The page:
This is Dave Oehler; Major Dude, Lead Cheese, and “Big Bird” at the Bird House. I believe his title is “Bird Curator”.  But to me he is simply the “Major Dude”. When that came to mind, all I could think of was the Steely Dan song “Any Major Dude”. I’ve always liked that song and although the lyrics don’t particularly apply to this Major Dude, I will think of Dave any time I hear that song.

(If you’re not familiar with the song, here it is)

Dave has been on the Cincinnati Zoo scene for the most part since he was a Junior Zoologist in High School. I find people with long resumes and only one or two employers to be “non-nonsense” types that know what they want to do early on and stick to it. Dave is definitely a no-screwing around type of guy, but he is not without his charm. He says he’s not that good with people but I beg to differ. It has been said that he is one of the most organized and forward-thinking Staffers here at the Cincinnati Zoo. (Dave has, shall we say an “interesting” office. He as a lot of books and a ton of papers in there. And apparent evidence suggests he has a thing for Raisinettes.) I was fascinated to see these as examples of some of Dave’s “lighter reading”:

I asked him about some of the programs, goals and strategies he has in the works and what he feels he wants to accomplish in the future for the Bird House. Dave explained quite a bit, but it wasn’t until Steve Malowski handed me a 220-page manuscript that I understood exactly what Dave was doing in his office all that time. This manuscript, only one of about a million projects he has, is the Management Plan for 2007, featuring the goals, objectives, details, diet and strategies for every species, and area in the Bird Department. Rich in detail, this document weighs in at 585 grams, and will tell you anything you need to know about the birds at the Cincinnati Zoo. Incredibly detailed, this plan describes minute facts, such as the diet, range and global status of every bird, as well as their habitat description, lighting requirements, plantings, modifications and care of both the birds and the habitat. I was hellishly impressed. I knew he wasn’t in that office playing Pac-Man, but I had no idea he was up to this. In order to accomplish what Dave has to do, you must be detail oriented, a fastidious record-keeper, and able to push and promote what you believe in.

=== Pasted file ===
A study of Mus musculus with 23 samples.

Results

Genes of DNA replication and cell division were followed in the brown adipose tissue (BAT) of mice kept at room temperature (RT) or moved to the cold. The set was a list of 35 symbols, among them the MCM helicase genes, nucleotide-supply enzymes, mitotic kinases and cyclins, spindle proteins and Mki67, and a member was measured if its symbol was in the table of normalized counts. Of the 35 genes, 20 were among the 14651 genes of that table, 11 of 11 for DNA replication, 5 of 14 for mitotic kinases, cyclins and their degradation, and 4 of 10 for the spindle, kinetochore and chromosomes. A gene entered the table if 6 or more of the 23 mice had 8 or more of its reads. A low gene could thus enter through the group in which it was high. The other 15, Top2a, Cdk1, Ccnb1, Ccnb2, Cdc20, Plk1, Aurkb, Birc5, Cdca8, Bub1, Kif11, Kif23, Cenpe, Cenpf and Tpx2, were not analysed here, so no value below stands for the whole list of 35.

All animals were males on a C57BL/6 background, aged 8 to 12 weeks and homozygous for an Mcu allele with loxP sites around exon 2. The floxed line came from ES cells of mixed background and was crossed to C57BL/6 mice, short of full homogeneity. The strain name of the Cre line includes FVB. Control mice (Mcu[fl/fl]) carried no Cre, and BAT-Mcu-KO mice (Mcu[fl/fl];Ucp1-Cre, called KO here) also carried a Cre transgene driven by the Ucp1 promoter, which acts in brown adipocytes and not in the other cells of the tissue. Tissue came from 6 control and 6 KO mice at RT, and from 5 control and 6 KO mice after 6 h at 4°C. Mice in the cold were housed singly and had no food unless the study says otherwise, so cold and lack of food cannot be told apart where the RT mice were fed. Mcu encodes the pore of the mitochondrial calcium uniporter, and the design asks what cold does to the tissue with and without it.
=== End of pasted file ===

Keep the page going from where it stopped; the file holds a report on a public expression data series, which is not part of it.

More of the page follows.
Steve told me Dave still makes it a point to walk to all of the exhibits every day. Dave clearly loves the birds here, and it seems to me that the more you advance in this field, the less contact you have with your birds. Dave seems to accept this, but I sensed he was resigned to this fact as opposed to being happy about it. I have to say there is an upside to this however; He doesn’t have to unpack crickets any more:

I have lots more coming…Thanks for stopping by.